TOPEKA — First-time DUI offenders would be required to use interlock devices in their cars under a sweeping DUI bill advanced by a committee on Monday.
Senate Bill 6 also would toughen penalties for DUIs and create a central repository to track offenders, among other things.
Six members of a conference committee hashed out details of the bill Monday. Their work still must be approved by the House and Senate as the session winds down this week.
The bill requires interlocks for six months for first-time DUI offenders with a clean driving record. Interlocks are devices that test a driver's alcohol level. If the driver fails to blow a clean test, his or her car won't start.
For first-time DUI offenders convicted of three or more moving traffic violations in a year, interlocks would be required for a year.
Whether to make first-time offenders install such a device in their vehicles had been a sticking point for legislators.
"We have a bill," Rep. Pat Colloton, R-Leawood, said, smiling, at the end of late-afternoon meeting Monday. The committee's statute revisor planned to work on the bill Monday night and prepare it for conferees to sign today.
Every state except Alabama has some sort of ignition interlock law, according to the National Conference of State Legislatures. Eleven states — Alaska, Arizona, Arkansas, Illinois, Louisiana, Nebraska, New Mexico, New York, Oregon, Utah and Washington — require interlock devices for all DUI offenders. Some require first-time offenders to drive with them for six months; others for a year. Utah requires them for 18 months.
Kansas already requires interlock devices for drivers who are convicted of a second drunken-driving offense, who refuse a Breathalyzer test, or who are caught with a 0.15 or greater blood alcohol level — almost twice the legal limit of 0.08.
Still in question is $2 million for community corrections for DUI offenders. That money is not included in House and Senate budget proposals at this point.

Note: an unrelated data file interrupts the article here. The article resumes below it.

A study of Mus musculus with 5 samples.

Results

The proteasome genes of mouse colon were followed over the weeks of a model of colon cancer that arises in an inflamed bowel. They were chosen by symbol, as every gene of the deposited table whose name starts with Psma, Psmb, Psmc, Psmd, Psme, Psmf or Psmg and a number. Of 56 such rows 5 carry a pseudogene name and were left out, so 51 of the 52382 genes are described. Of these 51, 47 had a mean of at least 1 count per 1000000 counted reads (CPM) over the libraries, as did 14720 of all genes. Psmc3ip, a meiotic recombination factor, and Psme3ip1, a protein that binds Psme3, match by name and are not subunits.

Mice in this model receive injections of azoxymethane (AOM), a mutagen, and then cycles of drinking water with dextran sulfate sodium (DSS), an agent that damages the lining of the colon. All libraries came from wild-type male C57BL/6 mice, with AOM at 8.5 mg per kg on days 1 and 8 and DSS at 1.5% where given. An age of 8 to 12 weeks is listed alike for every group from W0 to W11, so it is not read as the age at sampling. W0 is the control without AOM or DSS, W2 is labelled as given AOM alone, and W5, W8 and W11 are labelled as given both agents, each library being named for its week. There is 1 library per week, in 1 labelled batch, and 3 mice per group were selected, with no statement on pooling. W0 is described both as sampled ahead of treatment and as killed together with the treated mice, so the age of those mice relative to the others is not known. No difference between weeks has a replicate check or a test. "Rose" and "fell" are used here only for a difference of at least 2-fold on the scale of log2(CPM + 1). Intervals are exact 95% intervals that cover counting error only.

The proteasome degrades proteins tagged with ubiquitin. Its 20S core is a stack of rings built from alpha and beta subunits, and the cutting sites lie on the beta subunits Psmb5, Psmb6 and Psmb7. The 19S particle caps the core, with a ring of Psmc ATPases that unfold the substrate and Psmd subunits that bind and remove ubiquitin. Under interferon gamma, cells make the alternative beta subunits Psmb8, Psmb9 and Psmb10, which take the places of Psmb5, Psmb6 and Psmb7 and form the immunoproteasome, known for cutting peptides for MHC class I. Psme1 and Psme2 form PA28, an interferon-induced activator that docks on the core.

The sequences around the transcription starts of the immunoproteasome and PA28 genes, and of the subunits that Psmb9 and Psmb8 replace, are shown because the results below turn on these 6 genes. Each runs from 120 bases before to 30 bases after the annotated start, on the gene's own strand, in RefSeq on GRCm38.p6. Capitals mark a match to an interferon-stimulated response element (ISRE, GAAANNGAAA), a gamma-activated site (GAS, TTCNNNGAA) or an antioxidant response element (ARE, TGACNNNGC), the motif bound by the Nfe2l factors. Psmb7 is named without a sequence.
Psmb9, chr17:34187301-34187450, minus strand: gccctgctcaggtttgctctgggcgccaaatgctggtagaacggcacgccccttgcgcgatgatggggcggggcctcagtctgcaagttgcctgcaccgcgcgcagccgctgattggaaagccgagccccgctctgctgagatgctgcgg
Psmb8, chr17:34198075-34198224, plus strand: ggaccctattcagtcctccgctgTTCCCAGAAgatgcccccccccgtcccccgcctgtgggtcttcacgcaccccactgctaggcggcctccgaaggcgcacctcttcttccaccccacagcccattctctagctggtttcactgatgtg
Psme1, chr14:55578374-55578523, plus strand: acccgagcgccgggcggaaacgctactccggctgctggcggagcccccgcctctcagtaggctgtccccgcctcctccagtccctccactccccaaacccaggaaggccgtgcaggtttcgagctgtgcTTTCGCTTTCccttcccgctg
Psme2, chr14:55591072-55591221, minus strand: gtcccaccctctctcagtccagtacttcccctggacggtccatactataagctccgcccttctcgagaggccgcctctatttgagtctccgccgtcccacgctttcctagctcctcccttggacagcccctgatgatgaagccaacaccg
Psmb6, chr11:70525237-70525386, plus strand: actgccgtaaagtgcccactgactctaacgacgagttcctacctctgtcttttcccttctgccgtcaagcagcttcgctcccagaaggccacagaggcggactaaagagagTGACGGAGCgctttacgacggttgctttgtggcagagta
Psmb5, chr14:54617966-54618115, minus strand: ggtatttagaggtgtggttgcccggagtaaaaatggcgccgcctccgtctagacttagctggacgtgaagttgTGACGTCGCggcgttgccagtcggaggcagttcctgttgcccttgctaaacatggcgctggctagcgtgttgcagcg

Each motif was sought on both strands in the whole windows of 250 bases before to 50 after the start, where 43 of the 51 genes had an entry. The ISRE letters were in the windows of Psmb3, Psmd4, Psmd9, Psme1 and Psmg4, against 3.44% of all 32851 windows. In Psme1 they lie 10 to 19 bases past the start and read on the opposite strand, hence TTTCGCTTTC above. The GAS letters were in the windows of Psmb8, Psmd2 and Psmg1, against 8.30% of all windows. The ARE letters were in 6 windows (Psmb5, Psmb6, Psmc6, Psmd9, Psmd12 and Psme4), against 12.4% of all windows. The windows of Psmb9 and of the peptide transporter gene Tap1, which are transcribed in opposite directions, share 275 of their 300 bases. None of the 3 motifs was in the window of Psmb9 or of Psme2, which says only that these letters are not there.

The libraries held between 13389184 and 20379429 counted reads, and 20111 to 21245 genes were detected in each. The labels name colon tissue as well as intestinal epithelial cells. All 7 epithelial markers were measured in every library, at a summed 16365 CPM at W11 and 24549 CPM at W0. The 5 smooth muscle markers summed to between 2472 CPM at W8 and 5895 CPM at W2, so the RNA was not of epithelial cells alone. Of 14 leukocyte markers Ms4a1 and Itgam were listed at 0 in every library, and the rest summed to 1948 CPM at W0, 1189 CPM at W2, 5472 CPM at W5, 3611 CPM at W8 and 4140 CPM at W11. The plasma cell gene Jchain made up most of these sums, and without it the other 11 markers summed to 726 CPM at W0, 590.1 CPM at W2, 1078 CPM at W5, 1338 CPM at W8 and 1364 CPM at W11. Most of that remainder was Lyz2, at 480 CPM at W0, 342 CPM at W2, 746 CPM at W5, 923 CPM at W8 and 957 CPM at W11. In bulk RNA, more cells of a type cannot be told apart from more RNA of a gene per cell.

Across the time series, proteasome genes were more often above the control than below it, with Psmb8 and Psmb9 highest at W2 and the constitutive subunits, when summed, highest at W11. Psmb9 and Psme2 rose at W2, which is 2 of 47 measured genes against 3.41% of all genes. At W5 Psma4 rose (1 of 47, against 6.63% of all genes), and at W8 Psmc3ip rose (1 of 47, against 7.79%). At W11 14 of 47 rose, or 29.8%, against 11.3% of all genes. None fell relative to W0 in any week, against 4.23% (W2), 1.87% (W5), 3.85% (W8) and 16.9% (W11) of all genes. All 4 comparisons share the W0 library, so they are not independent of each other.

Sen. Tim Owens, R-Overland Park, noted that the Senate Ways and Means Committee's latest budget proposal Monday leaves the state with an ending balance of $55 million. The governor and the House are shooting for an ending budget of at least $50 million. Between those two bottom lines, there should be $2 million to help keep people safer on the road, he said.
"People's lives are worth that," he said.
If budget negotiators can't find the money, "the public's going to know. The public that I represent is not happy that we're not doing something better about DUIs," Owens said.
The House agreed to put $2 million in its budget to pay for community corrections for DUI offenders, but House budget negotiators later accepted the Senate's position not to fund it.
Owens called on conferees to push hard to get the money as legislators move into their final days of the session.
"We have to take a strong stand in this committee," and tell budget negotiators that "we believe that this issue is so important that you need to do this funding," Owens said.
Earlier Monday, at the committee's first meeting of the day, Owens noted that when you cross the Red River into Texas, you see three signs. One welcomes you to Texas. The second says "Don't Mess with Texas." The third features the letters "DUI" with a slash through them and warns "In Texas, you can't afford it."
"And they mean it," Owens said. "We have to get serious about getting people off the streets," he said.
Owens chairs the state's DUI commission, formed after a drunken driver crashed into and killed Claudia Mijares and her daughter, Gisele, as they were walking across the street to school in Wichita in 2008.